Today we looked into flights to Vientiane there are two companies we can use Lao Airlines or Lao Central Airlines. Lao airlines worked out best for us in terms of times. The tickets are booked for Saturday.
We had a wander around town, visited Phou Si temple (climbing around 300 steps to get there!), Buddhist footprint, other temples and a Buddhist monk school.
The main hill in the city from which you have a good view of the whole area. It’s not a very steep climb from the bottom and sunrise and sunset are particularly rewarding times to go up. There is a near-panoramic view from the top. There are 2 entrances from ground level: 1 on the north along Sisavangvong Road, facing the Royal Palace, and another one on the East, on Sisavang Vatthana Road. The northern entrance has about 130 steps up to the ticket counter, and another 190 steps to the top. The eastern entrance is longer than the northern one by a factor of 2 or 3, and is hence less steep and has more points of interest along the way, which are perfect excuses for stopping for a breather on the climb. Entrance fee 20,000 kip. Here there is a Buddhist footprint.
Temple at the ticket office
looking across to the Royal Palace Museum
The next steps up
Views from the top
the temple from the outside
Another temple at the bottom
Afterwards we had a walk around town popping into the Big Brother Mouse offices (more information in my post for tomorrow) and Ock Pop Tok (a fair trade textile shop which is linked to the Living Craft Centre). The shop assistant was curious and asked what religion we are We told her, she then wanted Sangeet to tie a turban on her. She also gave us her email address and wants information on Sikhi.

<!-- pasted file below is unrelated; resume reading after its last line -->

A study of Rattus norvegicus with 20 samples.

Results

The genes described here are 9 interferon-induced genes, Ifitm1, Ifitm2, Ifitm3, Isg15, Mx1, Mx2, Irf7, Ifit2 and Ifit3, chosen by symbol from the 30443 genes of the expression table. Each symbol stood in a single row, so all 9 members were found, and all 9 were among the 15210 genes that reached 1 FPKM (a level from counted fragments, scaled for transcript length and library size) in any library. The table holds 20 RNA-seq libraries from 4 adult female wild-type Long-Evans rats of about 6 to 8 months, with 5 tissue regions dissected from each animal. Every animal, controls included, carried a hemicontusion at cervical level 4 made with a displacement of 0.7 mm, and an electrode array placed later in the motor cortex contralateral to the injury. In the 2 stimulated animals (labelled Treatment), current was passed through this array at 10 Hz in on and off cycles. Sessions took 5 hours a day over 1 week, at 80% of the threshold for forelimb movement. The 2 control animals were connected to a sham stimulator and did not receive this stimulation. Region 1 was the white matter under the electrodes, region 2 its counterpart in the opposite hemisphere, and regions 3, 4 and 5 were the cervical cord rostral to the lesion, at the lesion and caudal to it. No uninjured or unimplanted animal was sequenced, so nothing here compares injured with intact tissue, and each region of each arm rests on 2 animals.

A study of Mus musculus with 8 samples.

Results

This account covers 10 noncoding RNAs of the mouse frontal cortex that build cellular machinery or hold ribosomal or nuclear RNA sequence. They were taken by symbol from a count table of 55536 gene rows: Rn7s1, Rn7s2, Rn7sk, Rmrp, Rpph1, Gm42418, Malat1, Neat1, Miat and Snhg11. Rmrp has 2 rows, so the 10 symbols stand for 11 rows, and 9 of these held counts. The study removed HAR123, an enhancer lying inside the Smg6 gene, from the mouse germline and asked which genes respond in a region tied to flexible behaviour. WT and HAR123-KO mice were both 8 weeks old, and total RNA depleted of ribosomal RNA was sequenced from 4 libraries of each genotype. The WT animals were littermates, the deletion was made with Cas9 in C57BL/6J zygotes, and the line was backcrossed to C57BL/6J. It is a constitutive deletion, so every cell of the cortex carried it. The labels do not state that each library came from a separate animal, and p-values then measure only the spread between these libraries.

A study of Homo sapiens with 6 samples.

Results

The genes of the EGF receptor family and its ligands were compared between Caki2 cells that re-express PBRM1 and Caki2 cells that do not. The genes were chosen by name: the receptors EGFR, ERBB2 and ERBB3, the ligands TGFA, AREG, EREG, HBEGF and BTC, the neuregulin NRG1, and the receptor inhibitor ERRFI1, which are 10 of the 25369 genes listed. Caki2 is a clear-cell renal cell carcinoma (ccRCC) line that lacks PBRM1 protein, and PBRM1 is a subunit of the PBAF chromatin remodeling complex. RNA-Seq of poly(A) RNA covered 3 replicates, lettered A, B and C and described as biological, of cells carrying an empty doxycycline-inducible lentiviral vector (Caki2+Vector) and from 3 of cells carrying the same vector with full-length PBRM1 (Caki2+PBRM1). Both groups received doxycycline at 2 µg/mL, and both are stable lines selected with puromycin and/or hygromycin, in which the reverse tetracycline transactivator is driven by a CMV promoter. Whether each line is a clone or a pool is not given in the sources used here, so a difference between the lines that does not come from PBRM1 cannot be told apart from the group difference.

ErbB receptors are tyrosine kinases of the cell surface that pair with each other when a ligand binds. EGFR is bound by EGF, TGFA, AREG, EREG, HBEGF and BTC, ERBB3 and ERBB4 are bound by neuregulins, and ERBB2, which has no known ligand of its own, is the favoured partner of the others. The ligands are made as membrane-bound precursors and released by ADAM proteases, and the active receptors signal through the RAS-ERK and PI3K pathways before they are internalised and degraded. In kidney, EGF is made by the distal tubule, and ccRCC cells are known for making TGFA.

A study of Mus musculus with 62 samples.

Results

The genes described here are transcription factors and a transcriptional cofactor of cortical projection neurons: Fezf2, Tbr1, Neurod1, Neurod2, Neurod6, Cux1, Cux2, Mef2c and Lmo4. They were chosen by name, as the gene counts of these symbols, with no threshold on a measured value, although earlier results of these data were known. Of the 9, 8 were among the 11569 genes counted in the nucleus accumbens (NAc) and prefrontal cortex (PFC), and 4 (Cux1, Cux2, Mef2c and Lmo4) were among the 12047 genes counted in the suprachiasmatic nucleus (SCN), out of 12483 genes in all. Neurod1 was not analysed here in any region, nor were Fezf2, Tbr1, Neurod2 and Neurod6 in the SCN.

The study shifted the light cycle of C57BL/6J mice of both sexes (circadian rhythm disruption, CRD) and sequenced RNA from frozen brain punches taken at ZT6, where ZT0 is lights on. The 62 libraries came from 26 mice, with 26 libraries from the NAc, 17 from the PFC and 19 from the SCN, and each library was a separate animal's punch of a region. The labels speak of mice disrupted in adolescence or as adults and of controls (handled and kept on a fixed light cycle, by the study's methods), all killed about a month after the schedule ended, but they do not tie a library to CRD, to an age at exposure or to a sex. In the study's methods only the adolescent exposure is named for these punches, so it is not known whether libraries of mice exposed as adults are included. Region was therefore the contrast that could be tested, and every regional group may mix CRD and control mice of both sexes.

Big Brother Mouse
Ock Pop Tok shop, the lady liked Sangeet’s turban and wanted Sangeet to tie one on her.
We then popped into saffron cafe for a strawberry smoothie.
We wandered around town for a while then made our way to The Royal Palace.
The Royal Palace (official name “Haw Kham”) in Luang Prabang, Laos, was built in 1904 during the French colonial era for King Sisavang Vong and his family. The site for the palace was chosen so that official visitors to Luang Prabang could disembark from their river voyages directly below the palace and be received there. After the death of King Sisavang Vong, the Crown Prince Savang Vatthana and his family were the last to occupy the grounds. In 1975, the monarchy was overthrown by the communists and the Royal Family were taken to re-education camps. The palace was then converted into a national museum.
On the way back through the night stall which was being setup we stopped at the vegetarian stall for a late lunch / early dinner. We were the first to arrive so were able to enjoy the buffet whilst fresh.
In the evening I went to pick up the laundry from town and also had a one hour foot massage. It was a bargain at 40000kip (around £3)!